To Be or Not to Be: An Inpatient Status
By Tracy C. M. Rowland, RHIA
Hospitals and physicians are trying to comply with the new two-midnight rule that the Centers for Medicare & Medicaid Services (CMS) implemented on October 1, 2013, as part of the 2014 Inpatient Prospective Payment System. But the guidance issued by the CMS lacks the clarity hospitals and physicians seek.
Ultimately, the Two-Midnight Rule Delay Act of 2013 extended the start of compliance until October 1, 2014. Though this means claims auditing won’t occur from the rule’s inception through September 30, 2014, facilities still are expected to comply with the rule now.
The CMS also has loosened the requirement that emergency physicians and midlevel practitioners must confer with the attending physician before admitting a patient. The revised guidance states that the emergency department physician and midlevel practitioners can write the orders if they are authorized by the state and facility bylaws or policies, and the orders are cosigned before discharge.
CMS officials also discussed the Medicare administrative contractor (MAC) “probe and educate reviews” at an open-door forum. Melanie Combs-Dyer, acting director of the CMS Provider Compliance Group, said that even though MACs have six more months to complete the reviews, they will audit the same number of claims per hospital—10 to 15—with repeat audits at hospitals found with deficiencies. MACs will deny payment for claims that are not consistent with the two-midnight rule and will educate hospitals on improving their compliance. Recovery audit contractors and MACs are free to audit all claims for the medical necessity of the services and coding compliance.
The CMS generally presumes that if a patient stay crosses two midnights, it is medically necessary. Exceptions would be those shorter stays due to inpatient-only list surgical procedures and unforeseen circumstances such as death, transfer, unforeseen recovery, or election of hospice. The physician expects the patient to require a stay that crosses at least two midnights and admits the patient to the hospital based on that expectation.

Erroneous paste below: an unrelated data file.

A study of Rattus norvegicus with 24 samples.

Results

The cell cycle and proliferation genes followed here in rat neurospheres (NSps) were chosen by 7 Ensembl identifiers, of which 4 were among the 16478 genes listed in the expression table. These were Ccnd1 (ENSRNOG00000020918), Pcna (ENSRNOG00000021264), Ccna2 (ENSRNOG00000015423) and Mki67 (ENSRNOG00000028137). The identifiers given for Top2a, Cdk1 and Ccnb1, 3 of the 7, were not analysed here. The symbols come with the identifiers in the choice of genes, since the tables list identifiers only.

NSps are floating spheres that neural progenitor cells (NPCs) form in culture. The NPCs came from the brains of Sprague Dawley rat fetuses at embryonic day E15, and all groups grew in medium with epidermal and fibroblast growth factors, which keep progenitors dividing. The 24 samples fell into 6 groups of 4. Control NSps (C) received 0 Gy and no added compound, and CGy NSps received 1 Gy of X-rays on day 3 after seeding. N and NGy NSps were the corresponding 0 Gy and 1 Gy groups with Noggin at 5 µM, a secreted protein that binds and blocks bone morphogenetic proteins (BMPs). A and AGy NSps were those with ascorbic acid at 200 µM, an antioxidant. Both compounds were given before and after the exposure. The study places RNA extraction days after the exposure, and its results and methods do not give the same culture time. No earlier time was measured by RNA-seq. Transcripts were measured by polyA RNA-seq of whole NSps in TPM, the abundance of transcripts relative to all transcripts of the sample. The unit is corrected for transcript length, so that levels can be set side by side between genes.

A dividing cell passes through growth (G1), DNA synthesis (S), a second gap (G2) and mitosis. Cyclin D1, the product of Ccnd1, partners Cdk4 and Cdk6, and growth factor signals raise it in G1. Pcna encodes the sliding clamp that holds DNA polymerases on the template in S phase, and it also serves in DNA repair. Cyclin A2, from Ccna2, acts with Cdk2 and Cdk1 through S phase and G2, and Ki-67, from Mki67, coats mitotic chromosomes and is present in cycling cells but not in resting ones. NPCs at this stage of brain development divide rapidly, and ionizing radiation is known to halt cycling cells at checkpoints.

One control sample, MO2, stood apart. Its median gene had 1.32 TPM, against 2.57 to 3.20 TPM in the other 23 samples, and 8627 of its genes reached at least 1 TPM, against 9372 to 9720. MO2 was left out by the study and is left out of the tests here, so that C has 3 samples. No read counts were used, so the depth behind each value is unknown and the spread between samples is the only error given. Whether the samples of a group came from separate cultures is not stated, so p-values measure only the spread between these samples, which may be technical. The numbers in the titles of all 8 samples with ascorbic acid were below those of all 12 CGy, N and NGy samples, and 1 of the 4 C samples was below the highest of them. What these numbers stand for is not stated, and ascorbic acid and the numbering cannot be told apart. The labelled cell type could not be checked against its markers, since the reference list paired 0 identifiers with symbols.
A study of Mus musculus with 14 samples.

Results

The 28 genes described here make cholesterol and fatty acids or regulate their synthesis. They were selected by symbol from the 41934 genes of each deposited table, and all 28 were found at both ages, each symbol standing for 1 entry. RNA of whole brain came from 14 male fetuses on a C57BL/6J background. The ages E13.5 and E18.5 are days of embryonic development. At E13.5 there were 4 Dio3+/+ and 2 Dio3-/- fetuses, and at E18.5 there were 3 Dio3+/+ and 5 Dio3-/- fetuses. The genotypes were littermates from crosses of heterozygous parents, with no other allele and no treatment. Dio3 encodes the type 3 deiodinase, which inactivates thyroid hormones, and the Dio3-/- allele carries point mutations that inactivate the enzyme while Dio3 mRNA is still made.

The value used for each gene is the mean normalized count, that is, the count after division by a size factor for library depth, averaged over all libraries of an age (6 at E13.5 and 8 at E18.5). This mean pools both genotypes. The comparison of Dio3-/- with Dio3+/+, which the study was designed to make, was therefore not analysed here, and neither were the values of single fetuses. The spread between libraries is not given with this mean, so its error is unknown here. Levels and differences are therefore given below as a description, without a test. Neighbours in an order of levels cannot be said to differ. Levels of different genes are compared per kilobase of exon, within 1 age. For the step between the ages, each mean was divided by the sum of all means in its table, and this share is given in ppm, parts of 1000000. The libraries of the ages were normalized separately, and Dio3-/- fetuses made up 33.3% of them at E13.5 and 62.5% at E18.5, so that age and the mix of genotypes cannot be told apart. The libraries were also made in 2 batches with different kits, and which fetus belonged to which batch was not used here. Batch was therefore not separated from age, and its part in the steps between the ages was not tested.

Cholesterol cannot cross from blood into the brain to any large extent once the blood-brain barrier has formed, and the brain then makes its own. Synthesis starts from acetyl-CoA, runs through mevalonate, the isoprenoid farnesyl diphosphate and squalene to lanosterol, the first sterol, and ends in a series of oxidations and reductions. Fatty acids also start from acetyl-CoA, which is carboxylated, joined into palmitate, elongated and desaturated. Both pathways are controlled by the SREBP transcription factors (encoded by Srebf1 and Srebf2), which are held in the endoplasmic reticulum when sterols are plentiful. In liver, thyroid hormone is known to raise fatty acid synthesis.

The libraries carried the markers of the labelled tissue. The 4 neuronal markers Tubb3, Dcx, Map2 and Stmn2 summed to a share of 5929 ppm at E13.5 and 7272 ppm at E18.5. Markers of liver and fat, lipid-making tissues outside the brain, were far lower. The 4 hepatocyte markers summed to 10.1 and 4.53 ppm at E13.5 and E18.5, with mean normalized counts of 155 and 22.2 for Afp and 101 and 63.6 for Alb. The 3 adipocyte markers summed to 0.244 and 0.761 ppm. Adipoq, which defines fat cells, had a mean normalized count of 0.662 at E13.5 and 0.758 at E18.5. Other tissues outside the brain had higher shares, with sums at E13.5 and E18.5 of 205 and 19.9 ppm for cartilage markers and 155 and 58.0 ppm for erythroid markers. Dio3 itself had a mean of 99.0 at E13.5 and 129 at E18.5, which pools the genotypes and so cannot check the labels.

If you spend too much time trying to figure out the ins and outs of a certification form, the physician will have no time left to explain why the patient needs to be in the hospital. Hospitals should take advantage of the extension of the two-midnight rule to educate physicians on the best way to count the two midnights and capture the necessary documentation to support the inpatient status.
“What we are looking for certification purposes is regular, good documentation,” Donald Thompson, acting deputy director of the Division of Acute Care said at the open forum. “We are not looking for magic words. We are not looking to change the nature of medical practice or good documentation practice. We hope this puts hospitals at ease. We are looking for what they do every day.”
Physicians do not have to use the language “I certify,” added Daniel Schroeder, insurance specialist in the Division of Acute Care. “More specific documentation is always better than less specific documentation, but for certification, we are not looking for inherently new requirements when reviewing [cases] under the two-midnight policy. It is status quo for a majority of the sections referenced.”
Reviewers will be looking for the timely documentation of a physician order and certification as well as supportive documentation of the reason for inpatient status. The CMS specifically states that the medical record should clearly indicate why a physician deemed an inpatient stay necessary, supported by documented factors such as patient history, the presence of comorbidities, current patient care requirements, signs and symptoms that the patient currently is exhibiting, and the potential risk of an adverse event during the hospital stay. The certification itself must be supported by other documentation such as severity of signs and symptoms, current medical needs, and the risks of any adverse events that supports the patient remaining in the hospital.
Clinical documentation is key to ensuring that the medical record supports a physician’s care decisions. Properly capturing comorbidities and interventions helps determine that the inpatient status will, in turn, be clear-cut upon any audit review. Clinical documentation improvement specialists have known for a long time how good documentation can help improve the case mix index and the true reflection of patient acuity. In turn, it will help support the physician’s intent for inpatient status.
— Tracy C. M. Rowland, RHIA, is president and CEO of Michigan-based TCB Consulting.